Your healthcare provider will talk about your pregnancy in terms of weeks, not months. There are 3 stages of each pregnancy, called trimesters. The first trimester is from the 1st week through the 13th week. The second trimester is from the 14th through the 27th week, and the third trimester is from the 28th week to delivery.
Why is it important to know the gestational age?
At specific stages of the pregnancy, certain things are expected. For example, first hearing the heartbeat, or feeling the baby move, is expected to happen at a certain time during the pregnancy. How the pregnancy is going can be judged as normal or abnormal only when the age of your baby is correctly known. It is very important to know your baby’s age if problems occur and the baby needs to be delivered early. It is also important to know when a baby is overdue so the health of the baby can be more carefully watched.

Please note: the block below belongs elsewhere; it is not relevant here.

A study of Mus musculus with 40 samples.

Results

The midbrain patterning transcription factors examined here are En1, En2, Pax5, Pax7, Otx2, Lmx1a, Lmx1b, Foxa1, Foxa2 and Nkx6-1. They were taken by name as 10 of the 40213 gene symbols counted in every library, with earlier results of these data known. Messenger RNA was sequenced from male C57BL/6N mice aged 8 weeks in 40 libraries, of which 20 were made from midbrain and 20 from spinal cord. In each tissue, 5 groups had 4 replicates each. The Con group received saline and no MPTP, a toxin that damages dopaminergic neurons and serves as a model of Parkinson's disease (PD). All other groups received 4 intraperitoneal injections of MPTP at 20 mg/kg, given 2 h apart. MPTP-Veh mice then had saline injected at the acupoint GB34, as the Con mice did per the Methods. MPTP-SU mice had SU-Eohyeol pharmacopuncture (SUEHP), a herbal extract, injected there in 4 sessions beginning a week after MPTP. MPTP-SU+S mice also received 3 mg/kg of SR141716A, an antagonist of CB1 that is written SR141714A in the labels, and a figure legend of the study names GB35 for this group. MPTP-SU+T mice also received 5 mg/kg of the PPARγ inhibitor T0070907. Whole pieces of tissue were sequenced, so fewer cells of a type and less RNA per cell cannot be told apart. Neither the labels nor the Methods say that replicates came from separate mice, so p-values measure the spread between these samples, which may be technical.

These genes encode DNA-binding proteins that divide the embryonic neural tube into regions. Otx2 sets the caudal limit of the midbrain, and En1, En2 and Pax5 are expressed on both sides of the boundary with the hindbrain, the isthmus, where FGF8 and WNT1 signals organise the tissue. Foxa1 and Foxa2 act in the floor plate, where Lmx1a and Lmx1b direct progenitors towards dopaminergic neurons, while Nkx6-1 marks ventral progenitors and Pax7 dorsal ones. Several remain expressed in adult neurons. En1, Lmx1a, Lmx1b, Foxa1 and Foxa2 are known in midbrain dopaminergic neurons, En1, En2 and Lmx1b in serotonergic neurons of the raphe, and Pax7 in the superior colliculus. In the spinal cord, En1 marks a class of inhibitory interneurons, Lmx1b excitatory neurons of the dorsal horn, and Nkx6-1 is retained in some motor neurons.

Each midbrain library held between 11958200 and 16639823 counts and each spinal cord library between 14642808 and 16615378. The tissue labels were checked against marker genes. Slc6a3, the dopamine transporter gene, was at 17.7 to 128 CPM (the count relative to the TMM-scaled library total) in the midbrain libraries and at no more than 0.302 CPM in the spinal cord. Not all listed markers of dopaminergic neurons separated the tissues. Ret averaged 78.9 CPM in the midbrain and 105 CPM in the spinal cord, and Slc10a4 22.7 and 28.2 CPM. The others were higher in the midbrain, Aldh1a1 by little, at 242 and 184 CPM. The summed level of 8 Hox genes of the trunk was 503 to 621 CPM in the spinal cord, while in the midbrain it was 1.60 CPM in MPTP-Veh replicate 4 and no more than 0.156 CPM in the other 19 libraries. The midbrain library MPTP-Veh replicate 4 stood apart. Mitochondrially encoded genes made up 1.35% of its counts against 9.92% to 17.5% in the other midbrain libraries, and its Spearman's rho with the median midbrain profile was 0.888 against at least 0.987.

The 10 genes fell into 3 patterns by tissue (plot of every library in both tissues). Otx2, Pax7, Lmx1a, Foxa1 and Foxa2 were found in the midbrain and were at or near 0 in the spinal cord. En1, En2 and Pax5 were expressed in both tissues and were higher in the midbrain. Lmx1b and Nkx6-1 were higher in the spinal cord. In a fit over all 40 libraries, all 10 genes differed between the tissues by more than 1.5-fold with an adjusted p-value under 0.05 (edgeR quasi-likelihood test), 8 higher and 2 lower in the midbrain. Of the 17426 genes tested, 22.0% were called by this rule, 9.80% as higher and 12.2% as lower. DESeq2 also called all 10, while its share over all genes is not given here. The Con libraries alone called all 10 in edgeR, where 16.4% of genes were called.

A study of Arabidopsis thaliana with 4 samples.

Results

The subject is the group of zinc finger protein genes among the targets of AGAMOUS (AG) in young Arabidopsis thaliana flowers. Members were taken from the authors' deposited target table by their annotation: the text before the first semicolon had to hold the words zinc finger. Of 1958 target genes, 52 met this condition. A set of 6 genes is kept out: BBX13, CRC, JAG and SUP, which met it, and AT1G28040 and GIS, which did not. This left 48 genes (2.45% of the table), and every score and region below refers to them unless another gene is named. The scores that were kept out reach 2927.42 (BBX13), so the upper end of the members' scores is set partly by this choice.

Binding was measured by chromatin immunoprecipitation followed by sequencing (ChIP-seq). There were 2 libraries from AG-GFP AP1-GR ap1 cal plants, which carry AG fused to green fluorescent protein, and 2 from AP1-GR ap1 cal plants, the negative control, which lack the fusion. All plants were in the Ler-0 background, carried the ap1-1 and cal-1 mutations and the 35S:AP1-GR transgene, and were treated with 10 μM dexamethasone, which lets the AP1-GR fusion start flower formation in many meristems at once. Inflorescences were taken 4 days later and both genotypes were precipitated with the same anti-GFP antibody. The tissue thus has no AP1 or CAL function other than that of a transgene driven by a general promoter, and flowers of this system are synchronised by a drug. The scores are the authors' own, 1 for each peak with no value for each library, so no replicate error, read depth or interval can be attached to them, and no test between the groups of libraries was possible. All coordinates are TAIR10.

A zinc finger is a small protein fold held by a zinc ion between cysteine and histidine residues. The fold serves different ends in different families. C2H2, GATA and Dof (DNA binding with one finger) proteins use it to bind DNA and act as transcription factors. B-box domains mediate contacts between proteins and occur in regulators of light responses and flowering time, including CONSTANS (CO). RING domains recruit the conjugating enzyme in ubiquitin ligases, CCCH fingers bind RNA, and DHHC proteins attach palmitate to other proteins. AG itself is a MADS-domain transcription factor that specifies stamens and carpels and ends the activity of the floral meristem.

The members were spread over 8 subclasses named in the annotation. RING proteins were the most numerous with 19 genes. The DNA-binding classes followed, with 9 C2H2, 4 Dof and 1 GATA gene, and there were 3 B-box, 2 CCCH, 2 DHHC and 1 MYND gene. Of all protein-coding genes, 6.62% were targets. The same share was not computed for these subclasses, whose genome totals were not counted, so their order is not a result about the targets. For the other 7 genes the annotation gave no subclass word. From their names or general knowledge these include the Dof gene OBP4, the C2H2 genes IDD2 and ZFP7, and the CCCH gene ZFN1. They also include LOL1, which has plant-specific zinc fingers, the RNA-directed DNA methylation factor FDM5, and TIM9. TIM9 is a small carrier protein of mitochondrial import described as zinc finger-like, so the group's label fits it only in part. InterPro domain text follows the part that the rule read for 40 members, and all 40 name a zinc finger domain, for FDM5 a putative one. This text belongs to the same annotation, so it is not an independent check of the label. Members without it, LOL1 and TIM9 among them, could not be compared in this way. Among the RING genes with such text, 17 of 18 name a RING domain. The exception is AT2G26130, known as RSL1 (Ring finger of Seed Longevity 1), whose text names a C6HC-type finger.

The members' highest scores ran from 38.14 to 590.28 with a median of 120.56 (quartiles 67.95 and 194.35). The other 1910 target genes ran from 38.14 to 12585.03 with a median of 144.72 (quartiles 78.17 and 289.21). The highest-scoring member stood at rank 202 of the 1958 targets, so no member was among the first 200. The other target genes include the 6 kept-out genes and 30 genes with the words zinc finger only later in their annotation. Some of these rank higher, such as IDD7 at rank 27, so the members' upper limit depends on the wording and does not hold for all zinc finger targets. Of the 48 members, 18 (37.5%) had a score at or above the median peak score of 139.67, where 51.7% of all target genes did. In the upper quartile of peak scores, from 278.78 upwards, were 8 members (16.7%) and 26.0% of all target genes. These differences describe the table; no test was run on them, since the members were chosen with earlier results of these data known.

How is gestational age calculated?
The age of your baby and your due date may be calculated from the date of your last menstrual period. If your periods were regular before you became pregnant, and you are sure of the first day of your last period, your due date is estimated to be 40 weeks from the day you started your last period. An early exam of the uterus and an early positive pregnancy test also help determine your baby’s age.
Ultrasound can be used to confirm your baby’s age. The baby can be measured with ultrasound as early as 5 or 6 weeks after your last menstrual period. This method is most accurate in the first half of the pregnancy. The best time to date a pregnancy with ultrasound is between the 8th and 18th weeks of pregnancy.
If you have had a special procedure to become pregnant, such as artificial insemination or in vitro fertilization, you will know when your baby was conceived. In these cases there is no doubt about a baby’s age.
It can be hard to determine accurately a baby’s age and your due date if:
- Your periods were irregular.
- You cannot remember the date of your last period.
- The baby is unusually large or small.
- The due date based on the last menstrual period does not correspond with the size of the uterus early in pregnancy or with measurements of your uterus later in the pregnancy.